Opinion

JOAN VENNOCHI

The power of Trump News

FILE - In this Sept. 19, 2017 file photo, U.S. President Donald Trump addresses the 72nd session of the United Nations General Assembly, at U.N. headquarters. Trump mentioned the South China Sea among regions where national sovereignty has been threatened in his debut address at the United Nations, but offered no direct criticism of China’s moves in the area. (AP Photo/Richard Drew, File)
Richard Drew/Associated Press
President Trump addressed the UN General Assembly on Sept. 19.

Sweetheart, get me rewrite.

The country is talking about football players taking a knee during the national anthem — not about health care. When it comes to agenda-
setting, Trump News, run by a cynically savvy editor in chief, continues to beat the competition. All it takes is some presidential red meat tossed out during a rally — followed up by a pot-stirring tweet or two.

Senator John McCain’s announcement that he could not in good conscience support his party’s latest effort to repeal the Affordable Care Act drew attention, as it seemed to doom the replacement proposal. But President Trump’s attack on protesting football players gave a measure of cover to a last-gasp effort to push through repeal. While NFL fans counted bended knees during Sunday’s pre-game festivities, and watched billionaire owners pretend to be shocked by their man in Washington, a redrafted health care bill popped out.



In other news, Trump expanded his travel ban, imposing travel restrictions on people from Chad, Libya, Syria, Yemen, North Korea, Iran, Somalia, and some groups from Venezuela. Trump’s son-in-law and senior adviser, Jared Kusher, used a private e-mail account to communicate with other administration offices, Politico reports. Tom Price, the secretary of health and human services, has been using taxpayer funds to travel on private jets — a practice he grudgingly said he would stop until the department’s inspector general completes a formal review. And Republican leaders also circulated a plan that calls for tax cuts for corporations and the rich, according to The Washington Post.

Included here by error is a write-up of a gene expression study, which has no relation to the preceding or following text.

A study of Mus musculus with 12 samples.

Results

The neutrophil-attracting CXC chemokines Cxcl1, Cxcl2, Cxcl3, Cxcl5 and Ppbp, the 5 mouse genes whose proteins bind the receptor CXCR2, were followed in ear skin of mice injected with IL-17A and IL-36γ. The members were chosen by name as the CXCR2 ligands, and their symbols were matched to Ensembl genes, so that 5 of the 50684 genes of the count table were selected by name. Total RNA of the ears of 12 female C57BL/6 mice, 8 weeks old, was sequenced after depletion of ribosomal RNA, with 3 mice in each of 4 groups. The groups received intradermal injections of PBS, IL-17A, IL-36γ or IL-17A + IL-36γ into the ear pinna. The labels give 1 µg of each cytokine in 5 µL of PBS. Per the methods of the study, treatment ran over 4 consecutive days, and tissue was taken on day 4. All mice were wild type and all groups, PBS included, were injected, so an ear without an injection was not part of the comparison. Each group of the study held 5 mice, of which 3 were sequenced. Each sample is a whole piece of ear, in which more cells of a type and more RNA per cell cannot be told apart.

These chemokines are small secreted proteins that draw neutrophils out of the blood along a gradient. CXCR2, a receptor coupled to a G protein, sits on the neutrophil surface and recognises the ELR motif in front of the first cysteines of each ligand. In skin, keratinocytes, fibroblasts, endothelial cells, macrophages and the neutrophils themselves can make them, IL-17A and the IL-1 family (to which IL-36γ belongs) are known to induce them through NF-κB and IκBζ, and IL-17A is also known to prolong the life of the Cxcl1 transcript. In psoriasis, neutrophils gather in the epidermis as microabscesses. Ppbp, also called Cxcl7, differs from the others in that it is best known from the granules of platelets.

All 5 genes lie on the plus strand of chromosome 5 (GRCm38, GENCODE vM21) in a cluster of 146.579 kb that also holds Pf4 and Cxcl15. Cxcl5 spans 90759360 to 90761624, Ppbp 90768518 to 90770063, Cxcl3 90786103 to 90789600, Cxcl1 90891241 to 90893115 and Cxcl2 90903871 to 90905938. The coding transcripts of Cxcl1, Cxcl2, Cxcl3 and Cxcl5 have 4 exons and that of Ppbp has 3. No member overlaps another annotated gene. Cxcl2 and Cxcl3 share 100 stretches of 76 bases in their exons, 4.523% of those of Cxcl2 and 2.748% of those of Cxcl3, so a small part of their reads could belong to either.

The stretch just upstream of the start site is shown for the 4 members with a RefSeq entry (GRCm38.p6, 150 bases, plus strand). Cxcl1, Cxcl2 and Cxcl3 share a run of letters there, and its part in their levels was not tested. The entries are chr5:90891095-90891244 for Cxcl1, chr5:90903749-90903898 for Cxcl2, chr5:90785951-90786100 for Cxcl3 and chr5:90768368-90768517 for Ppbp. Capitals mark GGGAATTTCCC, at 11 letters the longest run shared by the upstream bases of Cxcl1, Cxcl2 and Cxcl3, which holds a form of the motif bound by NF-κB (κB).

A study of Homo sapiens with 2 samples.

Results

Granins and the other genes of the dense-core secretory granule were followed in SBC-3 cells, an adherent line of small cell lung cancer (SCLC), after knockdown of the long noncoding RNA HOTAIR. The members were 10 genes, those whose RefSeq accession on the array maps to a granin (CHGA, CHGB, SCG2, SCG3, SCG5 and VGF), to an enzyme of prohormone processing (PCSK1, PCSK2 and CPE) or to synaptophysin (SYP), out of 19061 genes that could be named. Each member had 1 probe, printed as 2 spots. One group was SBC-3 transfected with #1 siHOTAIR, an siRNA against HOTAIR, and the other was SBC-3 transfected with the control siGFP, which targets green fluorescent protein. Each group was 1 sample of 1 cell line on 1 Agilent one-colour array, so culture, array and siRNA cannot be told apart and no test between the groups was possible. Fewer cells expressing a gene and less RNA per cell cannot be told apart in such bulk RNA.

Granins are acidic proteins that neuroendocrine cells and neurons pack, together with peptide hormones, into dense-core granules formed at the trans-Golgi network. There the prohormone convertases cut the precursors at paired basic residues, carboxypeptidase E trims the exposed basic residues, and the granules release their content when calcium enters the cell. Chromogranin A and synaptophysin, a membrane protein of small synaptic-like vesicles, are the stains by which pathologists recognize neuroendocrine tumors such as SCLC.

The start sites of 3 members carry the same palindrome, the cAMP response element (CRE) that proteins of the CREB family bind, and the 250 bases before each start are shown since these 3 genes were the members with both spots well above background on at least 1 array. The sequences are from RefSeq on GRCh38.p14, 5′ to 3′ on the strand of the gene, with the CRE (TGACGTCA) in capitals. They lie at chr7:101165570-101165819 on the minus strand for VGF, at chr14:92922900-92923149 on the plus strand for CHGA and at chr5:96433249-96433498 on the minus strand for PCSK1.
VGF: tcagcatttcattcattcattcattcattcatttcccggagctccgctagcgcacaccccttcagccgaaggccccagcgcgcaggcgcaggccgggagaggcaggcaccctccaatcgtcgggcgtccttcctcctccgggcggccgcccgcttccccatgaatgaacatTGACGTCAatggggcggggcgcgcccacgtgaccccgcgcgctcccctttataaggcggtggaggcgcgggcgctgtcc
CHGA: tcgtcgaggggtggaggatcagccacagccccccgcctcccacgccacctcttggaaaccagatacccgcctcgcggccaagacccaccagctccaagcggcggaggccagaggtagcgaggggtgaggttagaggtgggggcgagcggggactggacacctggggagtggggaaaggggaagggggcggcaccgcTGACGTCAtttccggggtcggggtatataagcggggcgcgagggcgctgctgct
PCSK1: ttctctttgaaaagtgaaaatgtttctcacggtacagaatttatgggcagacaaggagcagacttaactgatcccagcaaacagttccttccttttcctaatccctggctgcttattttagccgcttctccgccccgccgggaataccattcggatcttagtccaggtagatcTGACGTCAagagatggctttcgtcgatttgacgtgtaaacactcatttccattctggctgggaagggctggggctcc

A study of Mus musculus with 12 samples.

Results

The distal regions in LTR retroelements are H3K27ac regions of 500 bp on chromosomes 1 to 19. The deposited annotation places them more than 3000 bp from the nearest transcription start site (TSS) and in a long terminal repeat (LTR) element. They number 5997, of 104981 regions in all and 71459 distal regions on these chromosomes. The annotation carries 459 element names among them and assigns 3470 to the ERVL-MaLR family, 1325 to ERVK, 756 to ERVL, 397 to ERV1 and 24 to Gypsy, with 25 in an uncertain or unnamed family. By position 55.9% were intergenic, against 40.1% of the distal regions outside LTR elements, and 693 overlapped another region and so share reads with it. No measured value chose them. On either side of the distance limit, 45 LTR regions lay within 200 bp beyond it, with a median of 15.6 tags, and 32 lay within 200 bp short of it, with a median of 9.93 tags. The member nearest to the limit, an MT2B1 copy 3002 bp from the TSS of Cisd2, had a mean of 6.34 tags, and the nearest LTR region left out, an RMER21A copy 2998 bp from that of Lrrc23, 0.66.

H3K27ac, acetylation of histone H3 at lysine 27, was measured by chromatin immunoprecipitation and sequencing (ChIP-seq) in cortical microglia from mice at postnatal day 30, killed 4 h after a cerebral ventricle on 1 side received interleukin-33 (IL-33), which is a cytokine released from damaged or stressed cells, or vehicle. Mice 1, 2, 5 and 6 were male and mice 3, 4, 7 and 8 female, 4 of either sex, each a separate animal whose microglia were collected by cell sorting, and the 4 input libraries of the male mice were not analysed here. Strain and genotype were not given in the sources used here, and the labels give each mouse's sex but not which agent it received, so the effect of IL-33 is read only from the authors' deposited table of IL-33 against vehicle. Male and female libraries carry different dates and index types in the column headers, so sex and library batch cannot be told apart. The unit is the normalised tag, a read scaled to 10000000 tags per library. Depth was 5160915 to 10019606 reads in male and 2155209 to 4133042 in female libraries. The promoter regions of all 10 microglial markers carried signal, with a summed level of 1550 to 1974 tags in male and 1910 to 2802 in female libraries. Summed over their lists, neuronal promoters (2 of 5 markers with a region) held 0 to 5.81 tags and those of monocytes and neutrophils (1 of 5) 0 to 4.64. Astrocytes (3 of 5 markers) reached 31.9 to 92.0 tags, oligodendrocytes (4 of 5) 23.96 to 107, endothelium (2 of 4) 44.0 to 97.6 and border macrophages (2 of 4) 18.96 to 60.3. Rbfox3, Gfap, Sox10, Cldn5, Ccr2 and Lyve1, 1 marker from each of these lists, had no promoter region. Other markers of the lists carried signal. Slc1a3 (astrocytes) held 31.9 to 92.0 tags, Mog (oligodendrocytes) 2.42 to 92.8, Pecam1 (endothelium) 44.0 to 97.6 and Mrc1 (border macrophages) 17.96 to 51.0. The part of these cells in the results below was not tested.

The press dutifully reports these items. But Trump understands what it takes to distract from them. It’s not terrible for Americans to think about North Korea or the meaning of patriotism. But how Trump does it is terrible. It’s all about dividing the country along racially polarizing and politically partisan lines. He loves to push the hot buttons, and has no worries about bringing the country or the world to a dangerous boiling point.

Meanwhile, he’s surely enjoying the fake outrage from the NFL over his attacks on its players.


Of course, knee-gate gets better ratings than health care for the country, or than health issues for NFL players. That’s the power of Trump News.

Joan Vennochi can be reached at vennochi@globe.com. Follow her on Twitter @Joan_Vennochi.